A fearless crime fighter | Lluidas Vale cop laid to rest

An atmosphere filled with glowing tributes about the professionalism of Constable Annmarie Lawrence, was not without questions about her remaining at the lowest rank of the Jamaica Constabulary Force (JCF) for the 27 years she served that organization up to the time of her death.

The Jamaica Police Federation, during the funeral service on Saturday, February 2, posited that the late cop will be justly rewarded by her maker for her selfless service.

“If people want to give 27 years of their life to a country and to a people who at times seems unappreciative, it is what we can only refer to as a selfless act. I want to say to the friends and family of Woman Constable Lawrence that this 27 years has not gone unnoticed,” the Federation said.

It continued: “Although it may appear as if the Jamaica Constabulary Force has not rewarded her for it (her service), I know the Bible says we should not lay our treasures on this earth where moth and rust corrupt them or where thieves break through and steal. But it said that we should lay them in Heaven…”

A younger version of Constable Annmarie Lawrence. Photo Credit:

Constable Lawrence, 52, died of natural causes on 27 December 2018, after serving in the St Catherine South Police Division, St Thomas, Mobile Reserve, Police Academy, and St Catherine North.

She was stationed at Shady Grove Police Station in Lluidas Vale, St Catherine North, up to the time she was admitted in July 2018 to the JCF Convalescent Centre in Black River, St Elizabeth. She, on November 26 last year, was admitted to Black River Hospital.

Commissioner of Police Major General Antony Anderson, in a written tribute, said Constable Lawrence received seven commendations for her service, adding that it is with ‘deep sadness’ that he leads the JCF in mourning.

“The passing of this law enforcement practitioner has cut short her contribution to our collective effort in the fight against crime,” the commissioner said, adding: “As we mourn her passing, let us pledge to carry on the fight of reducing crime…”

Meanwhile, Paulstan Francis, in a tribute during the funeral service at Charlemont Open Bible Church in Linstead, St Catherine, described the late constable as honest, outspoken, frank, and reliable.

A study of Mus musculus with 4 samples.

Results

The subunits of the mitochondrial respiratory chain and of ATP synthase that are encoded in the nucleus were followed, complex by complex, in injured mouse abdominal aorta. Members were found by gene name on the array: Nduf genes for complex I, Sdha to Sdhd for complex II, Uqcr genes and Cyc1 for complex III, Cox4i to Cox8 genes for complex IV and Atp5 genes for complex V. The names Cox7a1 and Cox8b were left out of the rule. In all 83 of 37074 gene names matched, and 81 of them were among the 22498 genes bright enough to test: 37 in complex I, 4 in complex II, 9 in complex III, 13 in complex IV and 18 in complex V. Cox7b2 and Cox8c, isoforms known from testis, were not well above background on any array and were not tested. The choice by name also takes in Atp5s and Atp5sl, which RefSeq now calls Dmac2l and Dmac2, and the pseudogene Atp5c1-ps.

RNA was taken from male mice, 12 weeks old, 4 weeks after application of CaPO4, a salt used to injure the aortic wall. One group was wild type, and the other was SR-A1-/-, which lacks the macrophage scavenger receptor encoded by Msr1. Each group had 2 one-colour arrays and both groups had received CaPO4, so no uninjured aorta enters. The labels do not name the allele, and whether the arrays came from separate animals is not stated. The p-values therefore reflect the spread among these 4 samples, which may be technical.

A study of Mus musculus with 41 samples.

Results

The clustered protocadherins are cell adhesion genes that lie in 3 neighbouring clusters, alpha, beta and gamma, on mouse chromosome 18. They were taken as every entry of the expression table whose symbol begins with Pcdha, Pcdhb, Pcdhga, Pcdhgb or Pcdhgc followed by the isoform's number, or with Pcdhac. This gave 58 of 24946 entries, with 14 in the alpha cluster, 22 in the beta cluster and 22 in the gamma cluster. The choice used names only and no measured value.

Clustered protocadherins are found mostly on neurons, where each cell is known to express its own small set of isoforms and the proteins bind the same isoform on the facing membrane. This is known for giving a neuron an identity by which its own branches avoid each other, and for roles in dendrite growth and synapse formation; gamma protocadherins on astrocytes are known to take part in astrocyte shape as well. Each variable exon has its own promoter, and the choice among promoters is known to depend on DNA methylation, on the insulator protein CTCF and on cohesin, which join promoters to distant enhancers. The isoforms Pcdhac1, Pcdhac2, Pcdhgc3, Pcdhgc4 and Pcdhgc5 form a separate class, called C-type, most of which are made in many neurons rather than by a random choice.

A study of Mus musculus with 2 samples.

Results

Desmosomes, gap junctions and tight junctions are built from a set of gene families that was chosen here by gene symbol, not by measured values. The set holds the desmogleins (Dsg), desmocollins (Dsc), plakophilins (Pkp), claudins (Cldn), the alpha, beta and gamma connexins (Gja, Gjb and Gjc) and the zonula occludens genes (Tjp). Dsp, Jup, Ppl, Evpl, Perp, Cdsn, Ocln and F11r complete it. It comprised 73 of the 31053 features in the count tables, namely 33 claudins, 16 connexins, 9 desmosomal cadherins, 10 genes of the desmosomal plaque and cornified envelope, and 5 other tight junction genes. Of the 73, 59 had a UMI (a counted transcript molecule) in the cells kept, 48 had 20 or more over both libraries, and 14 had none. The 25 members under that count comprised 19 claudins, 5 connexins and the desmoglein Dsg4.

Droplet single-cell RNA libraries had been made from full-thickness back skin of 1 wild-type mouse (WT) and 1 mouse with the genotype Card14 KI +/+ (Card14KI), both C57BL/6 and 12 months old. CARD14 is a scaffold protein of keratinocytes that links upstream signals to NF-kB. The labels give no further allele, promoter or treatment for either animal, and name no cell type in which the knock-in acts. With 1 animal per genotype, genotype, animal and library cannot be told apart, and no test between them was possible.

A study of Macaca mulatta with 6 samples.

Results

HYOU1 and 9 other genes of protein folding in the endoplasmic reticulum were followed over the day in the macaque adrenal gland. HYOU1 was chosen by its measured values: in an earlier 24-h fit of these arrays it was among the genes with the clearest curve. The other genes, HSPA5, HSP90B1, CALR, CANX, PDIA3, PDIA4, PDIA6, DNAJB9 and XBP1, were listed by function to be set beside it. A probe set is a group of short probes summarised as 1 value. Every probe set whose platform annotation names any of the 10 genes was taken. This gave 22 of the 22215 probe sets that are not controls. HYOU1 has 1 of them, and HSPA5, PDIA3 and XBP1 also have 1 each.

“In her community [of Ewarton in St Catherine], she was the policewoman; she was the counsellor; she was the friend. Ann-marie has left a legacy of love and perseverance,” he said. “She was a brave policewoman.”

The funeral service for Constable Ann-Marie Lawrence

In delivering the eulogy, Senior Superintendent of Police (SSP) for the St Catherine North Police Division, Beau Rigabe, said Constable Lawrence’s first job was as a caregiver for an elderly couple in Kingston, where she also assisted with the operation of a grocery shop. “These experiences taught her to be a responsible young woman,” he asserted.

SSP Rigabe said it was in December 1991 that Constable Lawrence enlisted in the now defunct Island Special Constabulary Force (ISCF).

“In training, she was identified early as a leader,” he declared, adding that the late cop was an ‘ardent team player’ who never complained about a task – no matter how difficult it seemed.

Constable Lawrence, who was born at Victoria Jubilee Hospital and raised in the Ewarton area of St Catherine, eventually joined the JCF when the ISCF was scrapped.

She, in 1997, was posted at Mobile Reserves, where she served for four years. “She was handpicked as a member of a special operational team tasked to tackle heinous crimes in some of the island’s toughest neighbourhoods. She was bold and fearless,” added SSP Rigabe.

He stated that Constable Lawrence later was transferred to St Catherine North Police Division. “She was the first female on the St Catherine North operational team; she was known for her intense search techniques and was a stern teamplayer,” SSP Rigabe further declared.

Some of Constable Ann-Marie Lawrence’s colleagues at the funeral service. In the middle is Corporal Yvette White Vassell who was head of Shady Grove Police Station while Constable Lawrence was working there.

The senior superintendent, in the meantime, said Constable Lawrence was slowed by chronic illness.

“It had not been a smooth road for her due to chronic medical conditions that she developed while serving. However, she continued to give of her best against all odds until her condition worsened and her strength failed,” he explained.

Constable Lawrence, who was interred at Meadowrest Memorial Gardens, leaves behind several friends and relatives – including her daughter Sharifah Murray, who ended up in hospital after her mother died.